The Salafist El-Nour Party will not accept living in the shadow of the Muslim Brotherhood’s Freedom and Justice Party (FJP) after both swept the first round of Egypt's parliamentary elections, according to its leader.
The FJP emerged the main winner in the first stage of the People Assembly’s elections, clinching 3.5 million votes, while El-Nour Party, which espouses an ultra-conservative brand of Islam, came second with 2.3 million votes.
Reports suggest that El-Nour and FJP, which is widely seen as more moderate, may form an alliance that could enable them to impose Islamic Sharia law.
However, El-Nour leader Emad Abdel-Ghafour played down such speculation, saying his party does not want to become a “follower to any other political force”.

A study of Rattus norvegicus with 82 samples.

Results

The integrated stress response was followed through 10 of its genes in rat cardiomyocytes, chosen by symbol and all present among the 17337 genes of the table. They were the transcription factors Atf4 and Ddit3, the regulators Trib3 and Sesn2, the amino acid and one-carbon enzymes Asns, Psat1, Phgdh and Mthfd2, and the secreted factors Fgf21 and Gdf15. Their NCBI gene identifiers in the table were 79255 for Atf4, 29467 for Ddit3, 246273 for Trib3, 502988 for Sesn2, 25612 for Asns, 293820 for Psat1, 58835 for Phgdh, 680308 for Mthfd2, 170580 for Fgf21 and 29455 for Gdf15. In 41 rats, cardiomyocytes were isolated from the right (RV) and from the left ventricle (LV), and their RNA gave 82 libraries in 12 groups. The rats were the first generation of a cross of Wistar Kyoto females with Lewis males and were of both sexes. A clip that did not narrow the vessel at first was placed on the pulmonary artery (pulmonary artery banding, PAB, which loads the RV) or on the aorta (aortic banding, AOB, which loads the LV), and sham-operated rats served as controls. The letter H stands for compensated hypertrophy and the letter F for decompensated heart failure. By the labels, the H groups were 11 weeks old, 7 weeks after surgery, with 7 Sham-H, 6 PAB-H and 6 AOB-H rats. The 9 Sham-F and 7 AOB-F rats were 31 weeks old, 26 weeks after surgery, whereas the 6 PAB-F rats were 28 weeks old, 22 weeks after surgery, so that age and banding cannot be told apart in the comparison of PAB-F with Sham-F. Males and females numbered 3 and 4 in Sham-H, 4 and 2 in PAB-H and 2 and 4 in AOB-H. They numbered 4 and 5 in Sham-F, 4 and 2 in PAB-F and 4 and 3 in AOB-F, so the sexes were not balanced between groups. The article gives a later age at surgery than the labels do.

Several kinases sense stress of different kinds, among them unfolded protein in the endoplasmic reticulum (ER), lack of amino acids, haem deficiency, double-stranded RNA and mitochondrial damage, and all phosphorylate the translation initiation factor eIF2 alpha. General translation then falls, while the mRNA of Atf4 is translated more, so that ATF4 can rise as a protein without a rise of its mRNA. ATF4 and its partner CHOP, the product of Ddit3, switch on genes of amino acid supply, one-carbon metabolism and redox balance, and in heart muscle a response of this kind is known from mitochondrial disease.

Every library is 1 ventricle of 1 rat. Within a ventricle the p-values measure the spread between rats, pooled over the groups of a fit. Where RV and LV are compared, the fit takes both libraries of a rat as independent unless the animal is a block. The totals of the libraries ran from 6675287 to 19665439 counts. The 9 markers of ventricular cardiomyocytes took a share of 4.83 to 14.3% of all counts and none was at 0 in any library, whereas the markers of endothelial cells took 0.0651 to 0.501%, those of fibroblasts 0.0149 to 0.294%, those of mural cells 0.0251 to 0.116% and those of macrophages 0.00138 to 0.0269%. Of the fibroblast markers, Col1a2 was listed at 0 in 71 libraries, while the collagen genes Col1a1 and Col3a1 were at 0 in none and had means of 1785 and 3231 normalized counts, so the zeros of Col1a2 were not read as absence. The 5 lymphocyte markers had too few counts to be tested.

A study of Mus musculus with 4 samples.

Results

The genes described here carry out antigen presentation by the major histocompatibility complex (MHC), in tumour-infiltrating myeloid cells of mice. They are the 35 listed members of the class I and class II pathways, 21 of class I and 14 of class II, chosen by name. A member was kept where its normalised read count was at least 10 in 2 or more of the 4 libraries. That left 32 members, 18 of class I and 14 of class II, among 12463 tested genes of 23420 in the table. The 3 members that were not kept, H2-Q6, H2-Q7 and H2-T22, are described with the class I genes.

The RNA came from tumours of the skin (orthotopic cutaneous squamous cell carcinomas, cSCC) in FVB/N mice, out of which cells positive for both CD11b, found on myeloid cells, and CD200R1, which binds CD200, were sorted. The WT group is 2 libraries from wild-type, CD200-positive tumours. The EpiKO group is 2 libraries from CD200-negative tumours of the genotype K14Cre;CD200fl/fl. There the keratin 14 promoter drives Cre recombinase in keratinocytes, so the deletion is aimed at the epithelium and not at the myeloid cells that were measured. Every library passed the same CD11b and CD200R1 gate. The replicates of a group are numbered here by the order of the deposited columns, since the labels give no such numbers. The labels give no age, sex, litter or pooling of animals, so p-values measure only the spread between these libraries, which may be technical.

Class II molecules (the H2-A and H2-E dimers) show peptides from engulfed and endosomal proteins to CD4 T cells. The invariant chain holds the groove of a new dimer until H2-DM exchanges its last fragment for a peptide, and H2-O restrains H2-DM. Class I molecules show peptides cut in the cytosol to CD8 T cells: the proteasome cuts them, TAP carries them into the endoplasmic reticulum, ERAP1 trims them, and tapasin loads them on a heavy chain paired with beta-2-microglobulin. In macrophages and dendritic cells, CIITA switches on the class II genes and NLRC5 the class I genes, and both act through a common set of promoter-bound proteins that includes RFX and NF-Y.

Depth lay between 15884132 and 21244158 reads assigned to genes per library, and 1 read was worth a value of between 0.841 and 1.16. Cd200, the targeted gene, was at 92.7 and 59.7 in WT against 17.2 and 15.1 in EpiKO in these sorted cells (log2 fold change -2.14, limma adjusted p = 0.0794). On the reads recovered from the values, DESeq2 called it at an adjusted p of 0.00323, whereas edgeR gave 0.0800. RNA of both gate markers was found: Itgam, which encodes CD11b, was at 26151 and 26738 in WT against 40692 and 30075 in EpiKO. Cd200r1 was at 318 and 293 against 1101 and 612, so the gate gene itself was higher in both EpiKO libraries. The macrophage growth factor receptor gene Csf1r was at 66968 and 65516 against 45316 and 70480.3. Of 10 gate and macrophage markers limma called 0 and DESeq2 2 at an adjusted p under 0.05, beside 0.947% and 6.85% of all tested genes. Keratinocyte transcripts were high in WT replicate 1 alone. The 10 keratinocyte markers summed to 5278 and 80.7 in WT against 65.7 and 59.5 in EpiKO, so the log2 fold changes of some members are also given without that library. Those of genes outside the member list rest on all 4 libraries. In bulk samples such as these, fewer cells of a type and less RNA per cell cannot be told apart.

“We hate to become followers because people always say that we are following in the footsteps of the Muslim Brotherhood in our decisions … We have nothing to do with the Brotherhood, we have our own view,” Abdel-Ghafour said in an interview with Reuters Arabic.
“This was clear in the 19 November clashes (between police and protesters in Tahrir) when the Brotherhood decided not to join the demonstrations. We joined and our decision was very useful.
“We don’t rule out the possibility of the Brotherhood trying to marginalise us; we had already noticed that before. They might continue to portray us as the troublemakers.”
However, Abdel-Ghafour said El-Nour had no problems forming wider coalitions in the newly-elected parliament. “If there is an opportunity to form a national unity government we will join,” he added.